Iain Duncan Smith calls for benefits to be boosted in line with inflation

The former Conservative Party leader told GB News the Government has the budget to boost benefits


The MP says the use of rebates and discretionary funds represent “a step in the wrong direction for tackling poverty.”

It comes after Boris Johnson said he cannot “magic away” all the soaring food and energy expenses, as he came under increasing pressure to alleviate the cost-of-living crisis.

Prime Minister Boris Johnson at 10 Downing Street
Prime Minister Boris Johnson at 10 Downing Street

The Government is already handing out £150 council tax rebates for many homes and will take £200 off energy bills from October. But campaigners say this will not be enough for many people.

The former Conservative Leader told Nana Akua on GB News the Government has the budget to boost benefits.

“You need to lower and actually assist those on benefits. It won’t lead to extra debt. The Government has the head room.

“Two years running they’ve outperformed their own forecasts by 91 and 90 billion respectively better than they were expected to be two years ago. This is money that can be used for this purpose.”

Sir Iain Duncan Smith spoke with Nana Akua
Sir Iain Duncan Smith spoke with Nana Akua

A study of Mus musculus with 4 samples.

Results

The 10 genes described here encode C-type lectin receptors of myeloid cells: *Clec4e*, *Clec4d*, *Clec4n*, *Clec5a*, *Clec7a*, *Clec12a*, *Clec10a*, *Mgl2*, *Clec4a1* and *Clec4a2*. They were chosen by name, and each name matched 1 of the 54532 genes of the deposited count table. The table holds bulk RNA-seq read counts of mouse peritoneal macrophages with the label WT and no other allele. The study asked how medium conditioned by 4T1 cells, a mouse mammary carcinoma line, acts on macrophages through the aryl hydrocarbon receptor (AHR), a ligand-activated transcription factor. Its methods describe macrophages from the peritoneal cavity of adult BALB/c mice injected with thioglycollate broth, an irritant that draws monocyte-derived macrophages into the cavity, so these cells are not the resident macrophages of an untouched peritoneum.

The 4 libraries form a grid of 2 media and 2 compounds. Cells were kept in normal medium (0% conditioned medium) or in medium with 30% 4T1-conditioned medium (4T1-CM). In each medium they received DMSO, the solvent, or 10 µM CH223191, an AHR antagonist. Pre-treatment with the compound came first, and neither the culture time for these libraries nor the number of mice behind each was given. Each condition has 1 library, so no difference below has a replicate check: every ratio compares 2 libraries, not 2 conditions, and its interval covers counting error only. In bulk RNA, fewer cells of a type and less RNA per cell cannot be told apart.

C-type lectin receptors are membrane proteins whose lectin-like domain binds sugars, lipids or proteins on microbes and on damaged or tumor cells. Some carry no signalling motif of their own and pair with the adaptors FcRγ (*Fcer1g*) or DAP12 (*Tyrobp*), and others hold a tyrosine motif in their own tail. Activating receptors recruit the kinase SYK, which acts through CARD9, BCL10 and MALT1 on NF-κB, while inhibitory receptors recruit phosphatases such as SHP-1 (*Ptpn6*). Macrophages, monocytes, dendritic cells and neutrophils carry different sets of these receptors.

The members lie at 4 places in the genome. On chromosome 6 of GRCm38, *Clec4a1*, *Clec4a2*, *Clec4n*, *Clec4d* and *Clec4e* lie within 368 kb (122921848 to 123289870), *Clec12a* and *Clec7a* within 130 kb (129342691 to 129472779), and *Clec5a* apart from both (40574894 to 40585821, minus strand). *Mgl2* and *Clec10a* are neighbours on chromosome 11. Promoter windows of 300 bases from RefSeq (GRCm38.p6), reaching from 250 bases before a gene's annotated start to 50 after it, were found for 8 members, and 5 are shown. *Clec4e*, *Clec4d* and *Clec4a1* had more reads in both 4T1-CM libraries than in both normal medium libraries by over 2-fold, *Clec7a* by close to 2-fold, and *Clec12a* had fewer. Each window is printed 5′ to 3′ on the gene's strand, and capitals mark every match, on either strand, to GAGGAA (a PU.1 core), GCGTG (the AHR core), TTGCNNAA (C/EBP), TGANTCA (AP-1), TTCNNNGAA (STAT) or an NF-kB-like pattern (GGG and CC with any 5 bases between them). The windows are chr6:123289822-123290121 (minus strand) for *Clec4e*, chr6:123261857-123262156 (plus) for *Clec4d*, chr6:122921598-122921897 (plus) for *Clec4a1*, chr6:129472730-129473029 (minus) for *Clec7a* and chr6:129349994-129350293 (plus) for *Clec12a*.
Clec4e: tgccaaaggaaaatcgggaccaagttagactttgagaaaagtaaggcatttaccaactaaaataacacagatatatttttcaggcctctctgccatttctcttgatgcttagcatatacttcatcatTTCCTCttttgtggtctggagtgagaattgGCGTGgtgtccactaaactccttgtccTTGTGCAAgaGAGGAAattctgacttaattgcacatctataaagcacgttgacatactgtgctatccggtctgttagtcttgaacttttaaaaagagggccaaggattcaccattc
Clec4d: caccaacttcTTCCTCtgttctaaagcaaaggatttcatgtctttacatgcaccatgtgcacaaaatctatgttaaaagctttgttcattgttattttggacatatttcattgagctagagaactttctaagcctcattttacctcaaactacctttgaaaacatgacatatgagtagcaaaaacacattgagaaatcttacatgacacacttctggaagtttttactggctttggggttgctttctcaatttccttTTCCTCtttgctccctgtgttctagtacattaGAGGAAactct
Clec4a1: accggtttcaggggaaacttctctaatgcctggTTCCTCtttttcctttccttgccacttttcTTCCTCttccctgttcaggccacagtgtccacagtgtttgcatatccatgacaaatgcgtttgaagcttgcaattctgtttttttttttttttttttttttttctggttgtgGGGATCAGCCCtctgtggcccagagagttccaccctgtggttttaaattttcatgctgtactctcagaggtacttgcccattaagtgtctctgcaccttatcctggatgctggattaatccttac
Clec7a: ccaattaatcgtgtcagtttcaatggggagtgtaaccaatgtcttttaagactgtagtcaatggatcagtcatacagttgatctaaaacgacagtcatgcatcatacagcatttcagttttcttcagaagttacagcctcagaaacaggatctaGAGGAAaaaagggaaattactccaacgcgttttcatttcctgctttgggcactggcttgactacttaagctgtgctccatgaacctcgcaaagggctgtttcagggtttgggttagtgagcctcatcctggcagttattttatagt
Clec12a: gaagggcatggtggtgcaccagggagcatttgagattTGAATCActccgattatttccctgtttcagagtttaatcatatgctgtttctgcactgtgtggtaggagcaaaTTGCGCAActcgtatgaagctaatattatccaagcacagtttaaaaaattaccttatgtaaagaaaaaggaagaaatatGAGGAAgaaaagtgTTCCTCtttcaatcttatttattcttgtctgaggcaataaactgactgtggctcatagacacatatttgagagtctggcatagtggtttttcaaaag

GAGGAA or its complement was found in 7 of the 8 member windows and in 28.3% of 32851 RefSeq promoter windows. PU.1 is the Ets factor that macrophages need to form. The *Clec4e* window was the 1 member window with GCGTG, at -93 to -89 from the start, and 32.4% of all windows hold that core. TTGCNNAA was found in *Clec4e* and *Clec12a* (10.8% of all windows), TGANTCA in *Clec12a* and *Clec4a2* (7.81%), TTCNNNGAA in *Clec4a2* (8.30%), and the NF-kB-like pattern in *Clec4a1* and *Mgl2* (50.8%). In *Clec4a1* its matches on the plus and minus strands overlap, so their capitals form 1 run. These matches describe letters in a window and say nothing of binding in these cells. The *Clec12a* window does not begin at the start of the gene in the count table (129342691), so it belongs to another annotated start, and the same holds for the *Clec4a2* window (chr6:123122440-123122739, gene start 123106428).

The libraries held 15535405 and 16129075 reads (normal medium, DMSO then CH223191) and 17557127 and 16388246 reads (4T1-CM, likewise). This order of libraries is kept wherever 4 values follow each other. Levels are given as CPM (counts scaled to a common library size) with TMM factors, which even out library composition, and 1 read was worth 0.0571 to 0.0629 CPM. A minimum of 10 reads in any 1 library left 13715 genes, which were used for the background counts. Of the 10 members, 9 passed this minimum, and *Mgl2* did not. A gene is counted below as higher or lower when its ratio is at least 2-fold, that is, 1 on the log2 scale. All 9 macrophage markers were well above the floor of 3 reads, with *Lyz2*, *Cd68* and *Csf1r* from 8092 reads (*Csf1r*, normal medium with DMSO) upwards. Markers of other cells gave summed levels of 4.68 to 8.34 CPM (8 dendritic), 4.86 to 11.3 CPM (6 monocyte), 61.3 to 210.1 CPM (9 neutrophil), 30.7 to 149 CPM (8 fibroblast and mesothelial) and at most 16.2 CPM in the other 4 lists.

In its report, the Centre for Social Justice (CSJ) – a think tank founded by Sir Iain in 2004 - says the Government should consider reviewing the rate of benefits quarterly, rather than annually, at least as long as the “current period of unusual inflationary pressure” lasts.

The think tank says the first increase should come at the end of June.

It claims that bringing UC in line with inflation would see over four million households gain an average of £729 extra support to stave off the cost-of-living crisis over the coming year.

As part of its package of recommendations, the CSJ is also calling for an increase to UC work allowances, which would provide “an effective tax cut” for 1.66 million poorer, working households, worth £733 million, or on average £442 each.

The CSJ also wants the Government to suspend UC debt repayments for six months and forgive historical debts “born of design issues in the legacy benefits system”.

In addition, environmental levies should be absorbed into general taxation, and the energy price cap should be reviewed quarterly rather than every six months “to avoid cliff-edges in prices”, it said.